19 Dec 2014 – By Brooke Anderson

DEIR EL AHMAR, Lebanon (CNS) — It could be the scene of an ordinary school day anywhere. Just a few days before Christmas, the younger students were making decorations and singing carols downstairs, while the older ones were taking their final exams upstairs.

But for the Syrian refugee children at the Good Shepherd Social Center in Deir el Ahmar, getting an education is something many of their young compatriots are missing.

“It started with a storm,” said Good Shepherd Sister Micheline Lattouff, who heads the center, as she recalled the harsh winter two years ago when hundreds of Syrian families in need fled across the border to Lebanon’s Bekaa Valley. That’s what prompted the opening of a school for Syrian refugee children in a small border town.

“They kept coming, and we couldn’t say no,” she added.

What began as an ad hoc solution in late 2012 to serve a hundred needy children has now become a school for more than 300 young refugees ages 5 to 14.

The building itself was constructed in late 2011 as an afterschool learning center for local Lebanese children. By 2012, hundreds of Syrian families had crossed into the Deir el Ahmar area, with little more than the clothes on their backs. There was a clear need for relief services.

“We wanted them to have a dignified life, so we started with housing and food. Then we saw that the children needed an education,” said Sister Micheline.

The sisters are supported by international donors, including the New York-based Catholic Near East Welfare Association and Catholic Relief Services, the U.S. bishops’ international relief and development agency.

The sisters said they plan to celebrate Christmas — complete with decorations, sweets, gifts and a Christmas play by a troupe from Beirut — with the children, most of whom are Muslim.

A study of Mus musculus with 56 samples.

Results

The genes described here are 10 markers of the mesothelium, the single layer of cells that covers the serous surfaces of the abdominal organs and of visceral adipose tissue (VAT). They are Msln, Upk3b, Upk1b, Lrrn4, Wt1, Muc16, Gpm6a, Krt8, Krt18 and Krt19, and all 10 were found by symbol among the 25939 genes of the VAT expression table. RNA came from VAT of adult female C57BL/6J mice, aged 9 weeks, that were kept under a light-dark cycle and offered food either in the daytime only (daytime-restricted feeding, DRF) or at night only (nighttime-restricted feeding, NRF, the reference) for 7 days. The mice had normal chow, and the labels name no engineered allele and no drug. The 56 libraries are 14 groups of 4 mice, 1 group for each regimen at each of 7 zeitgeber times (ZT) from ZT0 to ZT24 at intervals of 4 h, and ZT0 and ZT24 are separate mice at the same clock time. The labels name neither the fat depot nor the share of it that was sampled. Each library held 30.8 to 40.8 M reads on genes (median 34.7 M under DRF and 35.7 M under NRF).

A typical day starts at 8:30 a.m. The younger children file into the courtyard, where they gather in circles, hold hands and sing French songs, including Christmas carols this time of year. Once in class, they learn all the subjects they would have learned in Syria, but with more of an emphasis on French, the primary language of education in Lebanon. For most of these children, school is the only opportunity to have any structure or a chance at a better future.

Prior to the outbreak of the civil war nearly four years ago, Syria had one of the highest student enrollment rates in the region — well over 90 percent, according to the United Nations.

According to Save the Children, 80 percent of Syrian children in Lebanon who fled their country’s war are not attending school. These days, most Syrian refugee children spend their days either at home or working odd jobs to help their families meet their basic needs.

Sister Micheline said it took some coaxing for some of the families to enroll their children, many of whom had been out of school for at least a year. In addition to providing education, the center also distributes food and clothing to the local Syrian refugee community, most of whom live in tents at a nearby makeshift camp.